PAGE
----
MasterCard International is flying high with news that its six-month- old premium product, the World credit card, is performing beyond initial expectations.
The card, issued by BankAmerica Corp. and Household Credit Services, was launched in October to compete with American Express' range of premium travel and entertainment cards.
In an announcement last week, MasterCard said average transaction amounts charged to the card have exceeded forecasts by 62%, and the average number of transactions per account was nearly three times original estimates.
MasterCard declined to reveal numbers of cardholders, but said it had reached various goals sooner than had been forecast.
Myra Koutzen, vice president of U.S. consumer credit for MasterCard, said World card customers were charging high volumes "right out of the gate."
The World MasterCard has no spending limit and gives cardholders the option to revolve a portion of their balances. Customers who pay fees of $50 to $100 can also receive travel rewards on any airline.
"The card has a very specific target audience," Ms. Koutzen said. "This is not like the platinum or gold card. It is definitely in a bracket where we don't expect to have as many cardholders."
Ms. Koutzen said MasterCard wanted to stay very focused on wealthy, high-spending consumers who need a travel and entertainment card.
"This is an underserved area within the bank card business," Ms. Koutzen said. "We believe our role as an association is to help our banks get into it and bring them sales volume that they would not be able to get otherwise."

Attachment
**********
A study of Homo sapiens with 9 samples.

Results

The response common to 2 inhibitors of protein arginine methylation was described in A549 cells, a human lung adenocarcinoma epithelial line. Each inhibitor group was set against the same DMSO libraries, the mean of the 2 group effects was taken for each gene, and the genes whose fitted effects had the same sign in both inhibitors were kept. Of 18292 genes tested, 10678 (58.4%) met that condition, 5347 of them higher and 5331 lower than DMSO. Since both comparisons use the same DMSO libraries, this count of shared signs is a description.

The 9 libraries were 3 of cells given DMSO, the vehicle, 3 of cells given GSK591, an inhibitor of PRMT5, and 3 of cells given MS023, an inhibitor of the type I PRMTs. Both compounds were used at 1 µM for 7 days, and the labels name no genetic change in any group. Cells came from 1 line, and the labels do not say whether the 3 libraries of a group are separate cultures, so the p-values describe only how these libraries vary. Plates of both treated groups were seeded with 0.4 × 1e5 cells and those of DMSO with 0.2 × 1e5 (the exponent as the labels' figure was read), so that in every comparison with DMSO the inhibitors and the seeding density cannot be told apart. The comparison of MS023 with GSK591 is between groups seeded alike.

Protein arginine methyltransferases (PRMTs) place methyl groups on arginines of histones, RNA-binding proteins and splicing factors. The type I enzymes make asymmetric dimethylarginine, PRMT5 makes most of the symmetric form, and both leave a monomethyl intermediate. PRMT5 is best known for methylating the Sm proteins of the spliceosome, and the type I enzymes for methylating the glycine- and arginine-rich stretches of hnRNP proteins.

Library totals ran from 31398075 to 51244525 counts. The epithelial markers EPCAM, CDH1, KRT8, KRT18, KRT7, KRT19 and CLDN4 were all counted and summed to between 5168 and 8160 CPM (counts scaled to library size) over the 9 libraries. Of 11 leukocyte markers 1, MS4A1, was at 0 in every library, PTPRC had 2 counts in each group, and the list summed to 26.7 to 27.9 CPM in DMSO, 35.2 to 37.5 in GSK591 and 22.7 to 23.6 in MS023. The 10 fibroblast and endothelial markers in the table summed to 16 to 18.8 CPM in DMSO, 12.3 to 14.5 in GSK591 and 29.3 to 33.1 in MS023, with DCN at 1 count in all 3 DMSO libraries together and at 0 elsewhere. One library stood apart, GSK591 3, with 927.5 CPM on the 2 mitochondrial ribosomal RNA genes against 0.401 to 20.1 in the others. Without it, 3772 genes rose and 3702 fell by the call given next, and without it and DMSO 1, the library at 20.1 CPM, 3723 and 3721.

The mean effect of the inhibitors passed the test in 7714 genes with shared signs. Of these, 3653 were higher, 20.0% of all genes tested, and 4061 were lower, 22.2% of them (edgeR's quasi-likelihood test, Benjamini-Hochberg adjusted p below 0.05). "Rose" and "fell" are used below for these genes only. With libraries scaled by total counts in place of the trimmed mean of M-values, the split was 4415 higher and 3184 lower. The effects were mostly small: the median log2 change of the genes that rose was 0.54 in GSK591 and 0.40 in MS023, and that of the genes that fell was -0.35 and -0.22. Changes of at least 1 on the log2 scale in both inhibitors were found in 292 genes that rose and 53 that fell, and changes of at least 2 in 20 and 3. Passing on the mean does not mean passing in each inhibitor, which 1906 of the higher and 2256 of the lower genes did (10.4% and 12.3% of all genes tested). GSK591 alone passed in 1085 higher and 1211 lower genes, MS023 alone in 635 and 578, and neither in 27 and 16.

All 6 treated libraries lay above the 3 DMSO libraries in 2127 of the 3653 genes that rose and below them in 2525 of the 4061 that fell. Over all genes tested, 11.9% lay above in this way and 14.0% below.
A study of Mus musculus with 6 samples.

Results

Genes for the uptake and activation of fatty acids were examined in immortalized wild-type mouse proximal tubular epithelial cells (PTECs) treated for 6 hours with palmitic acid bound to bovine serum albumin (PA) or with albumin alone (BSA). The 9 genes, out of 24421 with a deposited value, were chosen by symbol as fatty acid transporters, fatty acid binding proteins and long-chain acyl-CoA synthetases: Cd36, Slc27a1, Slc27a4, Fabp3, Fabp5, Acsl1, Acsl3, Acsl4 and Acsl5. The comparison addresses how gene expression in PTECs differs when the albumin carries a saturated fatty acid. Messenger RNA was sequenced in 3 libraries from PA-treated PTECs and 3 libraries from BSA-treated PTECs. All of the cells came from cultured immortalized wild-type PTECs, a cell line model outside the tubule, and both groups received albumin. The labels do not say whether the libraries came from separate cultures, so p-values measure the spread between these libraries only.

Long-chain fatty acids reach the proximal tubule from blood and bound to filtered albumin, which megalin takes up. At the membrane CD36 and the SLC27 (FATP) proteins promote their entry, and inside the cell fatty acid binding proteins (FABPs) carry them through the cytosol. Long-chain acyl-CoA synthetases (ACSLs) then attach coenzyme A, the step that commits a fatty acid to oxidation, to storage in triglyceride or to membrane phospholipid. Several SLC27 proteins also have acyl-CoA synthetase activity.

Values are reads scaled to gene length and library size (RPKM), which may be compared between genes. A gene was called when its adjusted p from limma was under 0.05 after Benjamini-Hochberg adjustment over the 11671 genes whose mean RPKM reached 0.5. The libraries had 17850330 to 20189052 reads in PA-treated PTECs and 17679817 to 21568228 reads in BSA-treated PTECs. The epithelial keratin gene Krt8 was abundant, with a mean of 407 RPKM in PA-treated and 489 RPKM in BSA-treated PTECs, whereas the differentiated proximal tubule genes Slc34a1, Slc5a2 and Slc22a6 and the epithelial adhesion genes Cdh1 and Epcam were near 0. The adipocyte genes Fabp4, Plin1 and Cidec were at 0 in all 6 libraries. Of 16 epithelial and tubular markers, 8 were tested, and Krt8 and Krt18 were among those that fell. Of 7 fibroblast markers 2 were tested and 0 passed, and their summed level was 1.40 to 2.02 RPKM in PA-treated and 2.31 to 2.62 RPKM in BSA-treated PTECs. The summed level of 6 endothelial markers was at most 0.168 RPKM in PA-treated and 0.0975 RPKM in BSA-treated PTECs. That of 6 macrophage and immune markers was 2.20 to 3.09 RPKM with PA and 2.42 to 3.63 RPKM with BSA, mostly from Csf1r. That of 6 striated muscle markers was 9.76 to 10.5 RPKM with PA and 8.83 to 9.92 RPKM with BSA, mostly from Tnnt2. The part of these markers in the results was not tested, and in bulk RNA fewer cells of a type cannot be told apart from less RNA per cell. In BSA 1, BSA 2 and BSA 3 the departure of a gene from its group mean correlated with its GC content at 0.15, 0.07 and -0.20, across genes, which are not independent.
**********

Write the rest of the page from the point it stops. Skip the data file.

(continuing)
Craig Stream, a spokesman for Salinas, Calif.-based Household, said the issuer is satisfied with the response rate and the way the card is being used. He declined to reveal customer numbers.
James L. Accomando, president of Accomando Consulting Inc. of Fairfield, Conn., said the World card news was encouraging. "It sends a clear message that if you build something valuable, the consumer will pay for it."
Mr. Accomando said he was not convinced that there will be attrition from the American Express platinum card or other American Express products.
"If a bank has a card that costs $50, they will still not be able to pack in the muscle that goes into a product that someone is going to pay $300 for," he said.
But, he added, "at least now American Express has a competitor."
American Express said it has not seen a card from a bank that is comparable to its platinum card.
The platinum card was the fastest-growing portfolio in the company's consumer card franchise last year, with a growth rate of 8%, said Kathy Marryat, director of affluent marketing for the New York-based card company.
"We firmly believe that our product continues to be the best in the marketplace. There is no comparison out there," Ms. Marryat said. "If you used all of our services in one year, you could save up to $7,500, and we will continue to add benefits and services to the card."
MasterCard has also announced enhancements to the card, including discounts and upgrades at Summitt Hotel and Resorts and Avis Rent-A-Car. Cardholders will also receive a "priority pass card" at more than 200 airport lounges.